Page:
Downturn hits A.S. too

Fewer students, online competition slam bookstore hard

A.S. Executive Director David Buckley is concerned with declining book sales at the A.S. Bookstore

A.S. Executive Director David Buckley is concerned with declining book sales at the A.S. Bookstore


The A.S. is the large, student-governed “auxiliary” organization that, in addition to operating several large businesses, including the A.S. Bookstore and Dining Services, supports such entities as the university’s Child Development Lab, KCSC radio station, Community Action Volunteers in Education (CAVE) and Adventure Outings.

As an auxiliary, the A.S. is “separate, but related to the university system,” said Executive Director David Buckley. “It’s a separate, not-for-profit corporation within the system. Since we don’t rely on any general-fund money from the state, I think the perception is that we are doing well.

“A.S. didn’t have furloughs when university employees did,” he added, so some people see that as evidence of superior financial health.

Truth is, said Buckley, that while the organization’s separateness from the university provides somewhat of a financial safety net, changes to the university, such as declining enrollment and budget cuts, are bound to affect the A.S.—and have.

The A.S. relies upon student activity fees and student-union fees, as well as revenue from the A.S. Bookstore and Dining Services, which are “truly a business,” as Buckley put it. “When a student pays his fees, none of that goes to support the bookstore and Dining Services.”

Student-union and activity fees, he explained, go directly to help support the A.S.’ many projects, such as the new Wildcat Recreation Center (WREC), that are created through a partnership between the A.S. and the university. Partnerships between the A.S. and the university on projects are increasingly common, Buckley said, as the economy worsens.

“Everything is funded by those fees,” said Buckley, “so we pay close attention to enrollment. When enrollment drops, it’s been affecting us negatively.”

The activity-fee fund pot, which is managed by the A.S. Government Affairs Committee, is “not as financially healthy as the student-union fee,” which is governed by the A.S. BMU Committee, said Buckley, “but they have [both] done very well without having to go into their reserves.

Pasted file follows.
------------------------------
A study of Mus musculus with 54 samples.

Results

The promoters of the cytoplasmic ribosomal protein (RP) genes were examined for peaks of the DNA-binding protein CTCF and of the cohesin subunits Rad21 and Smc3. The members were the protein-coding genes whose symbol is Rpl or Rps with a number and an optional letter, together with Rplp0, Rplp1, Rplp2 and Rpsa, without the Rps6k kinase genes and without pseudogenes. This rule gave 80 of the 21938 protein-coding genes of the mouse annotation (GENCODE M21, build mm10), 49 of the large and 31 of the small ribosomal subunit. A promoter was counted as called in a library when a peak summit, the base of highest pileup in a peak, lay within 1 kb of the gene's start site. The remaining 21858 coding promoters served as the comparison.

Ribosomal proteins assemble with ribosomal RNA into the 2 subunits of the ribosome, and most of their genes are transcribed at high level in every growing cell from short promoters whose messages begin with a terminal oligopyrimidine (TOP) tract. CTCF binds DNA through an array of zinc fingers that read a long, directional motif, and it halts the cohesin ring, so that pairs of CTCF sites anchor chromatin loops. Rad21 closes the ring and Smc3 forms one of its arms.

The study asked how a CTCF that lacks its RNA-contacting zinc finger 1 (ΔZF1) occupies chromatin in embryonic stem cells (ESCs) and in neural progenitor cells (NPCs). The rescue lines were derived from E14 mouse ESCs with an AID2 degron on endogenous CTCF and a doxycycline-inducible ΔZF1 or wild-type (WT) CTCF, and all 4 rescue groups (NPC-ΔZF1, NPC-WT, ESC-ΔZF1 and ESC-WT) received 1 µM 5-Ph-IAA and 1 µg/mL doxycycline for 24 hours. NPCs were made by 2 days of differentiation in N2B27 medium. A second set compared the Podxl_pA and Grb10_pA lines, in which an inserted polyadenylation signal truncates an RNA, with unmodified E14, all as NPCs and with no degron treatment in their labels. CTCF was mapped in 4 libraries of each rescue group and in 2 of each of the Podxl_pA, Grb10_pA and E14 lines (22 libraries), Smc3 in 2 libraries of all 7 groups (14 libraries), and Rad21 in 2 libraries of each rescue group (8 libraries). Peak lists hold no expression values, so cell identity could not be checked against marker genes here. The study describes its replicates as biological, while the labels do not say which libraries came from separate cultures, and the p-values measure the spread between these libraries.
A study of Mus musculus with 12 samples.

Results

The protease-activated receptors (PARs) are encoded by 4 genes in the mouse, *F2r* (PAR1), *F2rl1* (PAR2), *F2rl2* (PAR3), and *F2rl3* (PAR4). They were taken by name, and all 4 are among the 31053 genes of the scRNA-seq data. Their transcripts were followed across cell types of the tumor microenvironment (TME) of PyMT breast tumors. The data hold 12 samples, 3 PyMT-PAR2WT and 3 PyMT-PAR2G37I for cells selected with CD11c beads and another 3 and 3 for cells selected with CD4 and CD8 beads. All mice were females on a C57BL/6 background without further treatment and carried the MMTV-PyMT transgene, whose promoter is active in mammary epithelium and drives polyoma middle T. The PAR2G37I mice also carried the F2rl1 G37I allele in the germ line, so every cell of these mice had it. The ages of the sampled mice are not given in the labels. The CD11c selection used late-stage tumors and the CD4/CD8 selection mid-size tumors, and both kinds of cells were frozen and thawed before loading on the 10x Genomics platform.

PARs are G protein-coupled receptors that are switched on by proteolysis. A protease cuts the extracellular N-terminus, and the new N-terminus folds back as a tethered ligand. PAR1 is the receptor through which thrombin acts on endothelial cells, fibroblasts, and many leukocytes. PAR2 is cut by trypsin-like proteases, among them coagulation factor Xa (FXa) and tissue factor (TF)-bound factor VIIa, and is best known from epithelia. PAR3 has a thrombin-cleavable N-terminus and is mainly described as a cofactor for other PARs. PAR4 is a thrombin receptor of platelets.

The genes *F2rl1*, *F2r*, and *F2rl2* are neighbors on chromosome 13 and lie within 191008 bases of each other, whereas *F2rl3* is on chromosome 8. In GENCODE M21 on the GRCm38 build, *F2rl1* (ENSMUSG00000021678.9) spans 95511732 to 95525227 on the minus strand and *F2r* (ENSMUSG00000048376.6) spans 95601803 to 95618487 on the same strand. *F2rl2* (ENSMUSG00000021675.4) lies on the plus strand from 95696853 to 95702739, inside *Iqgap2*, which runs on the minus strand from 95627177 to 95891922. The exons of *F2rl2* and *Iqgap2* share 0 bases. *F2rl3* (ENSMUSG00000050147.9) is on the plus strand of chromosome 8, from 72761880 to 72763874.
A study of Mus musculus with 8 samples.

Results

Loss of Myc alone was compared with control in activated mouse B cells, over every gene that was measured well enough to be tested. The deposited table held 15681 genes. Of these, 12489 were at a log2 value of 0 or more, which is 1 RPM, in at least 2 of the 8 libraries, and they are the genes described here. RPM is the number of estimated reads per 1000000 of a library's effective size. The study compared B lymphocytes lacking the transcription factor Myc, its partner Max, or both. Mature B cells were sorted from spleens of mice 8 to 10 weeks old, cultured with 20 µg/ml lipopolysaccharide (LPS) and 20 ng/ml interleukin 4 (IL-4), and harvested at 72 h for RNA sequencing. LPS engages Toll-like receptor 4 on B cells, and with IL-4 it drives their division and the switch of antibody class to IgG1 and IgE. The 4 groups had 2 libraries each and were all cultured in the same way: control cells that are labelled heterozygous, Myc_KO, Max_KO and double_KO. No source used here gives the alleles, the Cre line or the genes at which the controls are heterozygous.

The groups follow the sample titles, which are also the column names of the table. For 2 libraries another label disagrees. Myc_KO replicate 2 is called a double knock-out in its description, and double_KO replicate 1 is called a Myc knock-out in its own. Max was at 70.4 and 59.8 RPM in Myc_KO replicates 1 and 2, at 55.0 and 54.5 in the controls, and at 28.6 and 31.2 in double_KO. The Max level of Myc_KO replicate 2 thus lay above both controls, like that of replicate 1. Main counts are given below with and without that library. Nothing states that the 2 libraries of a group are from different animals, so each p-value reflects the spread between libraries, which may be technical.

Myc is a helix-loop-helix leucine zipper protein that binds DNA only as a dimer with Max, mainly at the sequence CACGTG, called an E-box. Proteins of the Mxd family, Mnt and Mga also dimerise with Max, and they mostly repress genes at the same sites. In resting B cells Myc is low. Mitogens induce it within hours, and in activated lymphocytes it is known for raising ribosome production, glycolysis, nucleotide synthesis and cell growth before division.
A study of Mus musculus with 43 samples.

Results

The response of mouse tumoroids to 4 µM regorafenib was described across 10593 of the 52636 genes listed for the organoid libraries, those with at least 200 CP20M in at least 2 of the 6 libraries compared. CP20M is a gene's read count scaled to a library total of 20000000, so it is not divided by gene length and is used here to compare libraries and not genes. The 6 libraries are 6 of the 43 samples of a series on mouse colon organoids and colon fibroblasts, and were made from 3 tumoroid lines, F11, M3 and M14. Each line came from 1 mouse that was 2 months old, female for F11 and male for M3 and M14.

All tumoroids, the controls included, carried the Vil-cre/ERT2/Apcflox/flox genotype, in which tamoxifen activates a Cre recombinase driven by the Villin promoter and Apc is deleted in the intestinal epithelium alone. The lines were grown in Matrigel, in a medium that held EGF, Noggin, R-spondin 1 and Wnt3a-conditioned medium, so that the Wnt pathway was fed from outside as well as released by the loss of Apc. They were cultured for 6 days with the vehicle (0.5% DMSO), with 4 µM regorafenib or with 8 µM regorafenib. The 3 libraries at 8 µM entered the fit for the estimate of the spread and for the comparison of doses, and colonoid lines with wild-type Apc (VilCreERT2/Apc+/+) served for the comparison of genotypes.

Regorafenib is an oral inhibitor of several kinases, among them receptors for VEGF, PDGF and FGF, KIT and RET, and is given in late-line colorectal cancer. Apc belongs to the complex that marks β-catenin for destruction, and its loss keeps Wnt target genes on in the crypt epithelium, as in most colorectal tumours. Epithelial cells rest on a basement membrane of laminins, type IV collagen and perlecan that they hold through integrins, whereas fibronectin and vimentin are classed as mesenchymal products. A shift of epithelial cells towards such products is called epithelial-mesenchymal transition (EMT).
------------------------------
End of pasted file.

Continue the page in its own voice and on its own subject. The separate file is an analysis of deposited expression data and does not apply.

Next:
“In certain areas, we’re doing well, considering the economy,” he said. “In other areas, such as the bookstore, we have significant challenges.”

Across the United States, university bookstore sales are declining at a significant rate, said Buckley, and the A.S. Bookstore is no exception. He said the combination of the recession and the persistently high price of textbooks has contributed to a “paradigm shift” in the way students acquire books. Increasingly, college students are buying cheap books online—through such outlets as Amazon Marketplace, where students sell books to one another for a fraction of the original price—as well as renting textbooks, copying books, waiting to see if they really are going to need a particular book before purchasing it, or just plain doing without.

On Amazon Marketplace, said Buckley, “a used book that we would sell for $30—and retail was $100—they can buy that book peer-to-peer for, let’s say, $5. You can’t compete with that.”

While the A.S. Bookstore showed a profit last year—approximately $200,000—it has lost almost $2.5 million in sales in the last two years.

“Just this last fall alone, we were $800,000 down in sales,” Buckley said. “And this spring we could easily be down another $300,000 or $400,000.”

The bookstore’s dropping sales forced the elimination of five full-time bookstore positions last year. Fortunately, he said, three of the bookstore employees could be relocated to other jobs within the A.S.

“We cut way back,” he said. “And their operating budget has never been fat.

“That’s the reason we made money last year,” he continued, somewhat gravely. “If we hadn’t done that, we might have been close to zero.”

In an attempt to survive, the bookstore began a book-rental program this past fall, and has increasingly diversified its merchandise over recent years. For instance, Chico State sweatshirts, T-shirts and ball caps fill the shelves of the store, and a Clinique cosmetics counter was added after the closing of Gottschalk’s department store in the Chico Mall, which had been the sole purveyor in town of Clinique products.

“I wouldn’t say the bookstore is doing well,” Buckley reiterated. “But I have confidence that the bookstore staff will weather the storm. We have to reinvent ourselves, like every other college bookstore across the country.”

The A.S. Bookstore will have a name change in the not-too-distant future, Buckley said, similar to the way the University of Oregon bookstore recently changed its name to The Duck Store.

“You can’t count on books. We can’t count on them being our primary bread and butter,” said Buckley. “In the near future, we’ll be called something different—maybe The Wildcat Store.”

Buckley doesn’t see much future profit from the increased popularity of such digital-book devices as Kindle and the iPad, either. The manufacturer, rather than the store, is the profit-maker in these cases, he said.

“There’s no silver bullet, but we need to diversify,” even to the point of functioning as a convenience store, he said. Additionally, the bookstore “may focus more on Chico-centric, ‘buy-local,’ sustainability-focused products.”

“If we lose another $3 million in sales, I’m concerned about our staff,” Buckley said. “We’re already thin as it is. And they are working as hard as they can to address these challenges.”

Meanwhile, Gov. Jerry Brown has proposed a $500 million cut to the CSU system, which would dramatically reduce the number of students.

“The governor’s cut will not directly affect us,” said Buckley “but it will indirectly affect us.”